Texas Family Finally Learns Fate of Man Held in Syria

Since an American therapist from Texas disappeared while visiting Syria in 2017, his family has navigated years of milestones in uncertainty: his 41st wedding anniversary, the births of four grandchildren, his wife’s cancer diagnosis.

Earlier this month, at a hotel in Washington, national security officials told the family that highly credible, classified information indicated the therapist, Majd Kamalmaz, had died in captivity, held in one of the world’s most notorious prison systems.

Mr. Kamalmaz’s relatives intend to grieve soon, finally, at a mosque and at the family’s home in Grand Prairie, Texas. They had hoped for a different outcome, but now that they have accepted the news, his daughters said they would fight to hold Syria accountable for their father’s detainment and death. The family plans to sue the Syrian government for damages and to seek justice for others still in detention.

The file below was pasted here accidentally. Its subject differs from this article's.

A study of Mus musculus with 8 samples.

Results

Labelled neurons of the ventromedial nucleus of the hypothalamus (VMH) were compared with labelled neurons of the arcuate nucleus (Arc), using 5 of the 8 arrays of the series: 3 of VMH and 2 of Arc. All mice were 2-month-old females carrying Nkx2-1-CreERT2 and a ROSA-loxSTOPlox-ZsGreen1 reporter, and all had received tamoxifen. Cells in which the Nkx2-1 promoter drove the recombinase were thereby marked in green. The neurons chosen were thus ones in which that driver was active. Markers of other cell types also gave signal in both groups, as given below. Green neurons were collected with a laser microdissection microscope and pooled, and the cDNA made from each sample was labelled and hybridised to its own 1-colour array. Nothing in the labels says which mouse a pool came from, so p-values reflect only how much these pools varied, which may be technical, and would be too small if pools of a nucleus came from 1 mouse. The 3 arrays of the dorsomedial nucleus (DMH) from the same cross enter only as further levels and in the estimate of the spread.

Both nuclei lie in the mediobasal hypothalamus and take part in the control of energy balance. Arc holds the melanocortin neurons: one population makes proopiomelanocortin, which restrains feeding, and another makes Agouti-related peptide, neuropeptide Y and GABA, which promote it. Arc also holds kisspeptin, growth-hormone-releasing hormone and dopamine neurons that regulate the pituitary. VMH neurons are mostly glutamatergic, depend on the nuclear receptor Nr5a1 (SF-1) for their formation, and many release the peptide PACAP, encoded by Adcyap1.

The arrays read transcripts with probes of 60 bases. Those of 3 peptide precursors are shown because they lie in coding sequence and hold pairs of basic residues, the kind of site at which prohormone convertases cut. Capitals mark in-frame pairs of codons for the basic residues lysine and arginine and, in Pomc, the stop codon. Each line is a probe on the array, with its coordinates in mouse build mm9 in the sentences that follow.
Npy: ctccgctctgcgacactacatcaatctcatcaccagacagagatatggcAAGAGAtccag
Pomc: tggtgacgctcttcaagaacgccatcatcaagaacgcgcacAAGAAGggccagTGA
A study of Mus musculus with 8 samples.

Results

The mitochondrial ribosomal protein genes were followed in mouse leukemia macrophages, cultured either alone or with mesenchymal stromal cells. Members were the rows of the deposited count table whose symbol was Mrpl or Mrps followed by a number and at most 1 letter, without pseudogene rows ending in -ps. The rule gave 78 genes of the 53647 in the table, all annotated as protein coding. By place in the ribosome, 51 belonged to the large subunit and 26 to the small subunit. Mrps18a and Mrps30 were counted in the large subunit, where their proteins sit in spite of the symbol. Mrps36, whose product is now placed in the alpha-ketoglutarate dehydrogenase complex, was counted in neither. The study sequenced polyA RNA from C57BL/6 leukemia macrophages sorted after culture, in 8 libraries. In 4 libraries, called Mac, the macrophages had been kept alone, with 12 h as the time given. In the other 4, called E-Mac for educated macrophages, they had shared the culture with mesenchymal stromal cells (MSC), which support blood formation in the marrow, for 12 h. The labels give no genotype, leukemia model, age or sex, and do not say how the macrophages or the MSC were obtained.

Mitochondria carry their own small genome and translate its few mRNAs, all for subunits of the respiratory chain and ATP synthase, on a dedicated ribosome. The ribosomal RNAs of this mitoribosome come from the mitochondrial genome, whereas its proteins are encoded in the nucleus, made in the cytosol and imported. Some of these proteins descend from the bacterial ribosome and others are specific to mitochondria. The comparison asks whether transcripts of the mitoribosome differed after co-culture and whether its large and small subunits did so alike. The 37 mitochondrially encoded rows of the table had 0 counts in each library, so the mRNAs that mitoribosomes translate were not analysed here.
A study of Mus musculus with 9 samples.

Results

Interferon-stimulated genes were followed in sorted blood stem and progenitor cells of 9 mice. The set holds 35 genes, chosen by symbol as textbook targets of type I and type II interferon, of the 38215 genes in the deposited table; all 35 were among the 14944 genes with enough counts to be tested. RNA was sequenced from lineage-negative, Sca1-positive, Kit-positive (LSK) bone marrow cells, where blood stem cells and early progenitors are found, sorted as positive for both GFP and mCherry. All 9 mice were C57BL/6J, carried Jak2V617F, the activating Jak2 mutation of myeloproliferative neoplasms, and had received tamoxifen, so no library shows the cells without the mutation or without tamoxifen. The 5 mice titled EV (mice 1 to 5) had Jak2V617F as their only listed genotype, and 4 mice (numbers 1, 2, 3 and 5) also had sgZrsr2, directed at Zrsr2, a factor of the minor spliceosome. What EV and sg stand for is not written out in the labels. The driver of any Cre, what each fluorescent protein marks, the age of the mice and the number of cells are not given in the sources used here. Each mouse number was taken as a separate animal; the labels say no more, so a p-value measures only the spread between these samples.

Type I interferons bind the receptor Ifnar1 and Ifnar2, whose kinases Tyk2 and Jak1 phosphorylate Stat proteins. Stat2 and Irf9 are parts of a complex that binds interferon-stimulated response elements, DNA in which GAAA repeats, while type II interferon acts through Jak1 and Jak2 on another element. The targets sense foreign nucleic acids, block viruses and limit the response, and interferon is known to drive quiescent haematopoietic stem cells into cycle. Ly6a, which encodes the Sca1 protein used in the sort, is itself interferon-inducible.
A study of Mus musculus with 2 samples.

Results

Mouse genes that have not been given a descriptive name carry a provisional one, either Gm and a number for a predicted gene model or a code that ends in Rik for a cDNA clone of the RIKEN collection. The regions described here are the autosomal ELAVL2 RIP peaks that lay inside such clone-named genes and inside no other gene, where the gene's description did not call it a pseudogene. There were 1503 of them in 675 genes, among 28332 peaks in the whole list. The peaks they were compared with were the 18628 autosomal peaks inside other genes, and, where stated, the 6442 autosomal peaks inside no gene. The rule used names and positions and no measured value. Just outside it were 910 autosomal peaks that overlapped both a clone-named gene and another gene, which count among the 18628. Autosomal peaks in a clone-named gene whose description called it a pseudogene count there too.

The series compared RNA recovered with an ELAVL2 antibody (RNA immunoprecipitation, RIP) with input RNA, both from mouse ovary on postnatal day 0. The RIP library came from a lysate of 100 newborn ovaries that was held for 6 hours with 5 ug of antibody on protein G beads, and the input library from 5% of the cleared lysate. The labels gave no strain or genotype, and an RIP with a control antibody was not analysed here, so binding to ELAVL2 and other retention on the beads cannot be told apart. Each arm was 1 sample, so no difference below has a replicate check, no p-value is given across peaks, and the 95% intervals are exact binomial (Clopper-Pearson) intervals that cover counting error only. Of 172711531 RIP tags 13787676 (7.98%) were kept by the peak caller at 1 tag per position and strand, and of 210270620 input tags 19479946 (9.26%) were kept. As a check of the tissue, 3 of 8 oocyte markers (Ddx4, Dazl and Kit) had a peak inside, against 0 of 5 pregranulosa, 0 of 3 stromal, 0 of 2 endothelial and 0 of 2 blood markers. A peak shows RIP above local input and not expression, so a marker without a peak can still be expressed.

“They literally kidnapped him and disappeared him,” said Mr. Kamalmaz’s older daughter, Ula Kamalmaz. “We’ve heard nothing from them. That’s unacceptable.”

Majd Kamalmaz, who ran a nonprofit in Lebanon helping refugees deal with trauma, in a 2014 photo provided by his family. Confirmation of his death underscores the brutal detainment and torture in secret prisons in Syria that have flourished under President Bashar al-Assad.

Mr. Kamalmaz is one of several Americans who have disappeared in Syria. Austin Tice, a freelance journalist covering the country’s civil war, was abducted outside Damascus in 2012. Layla Shweikani, 26, an American aid worker, was arrested, accused of terrorism and executed. The Justice Department is investigating her 2016 death as a war crime carried out by Syrian intelligence officials.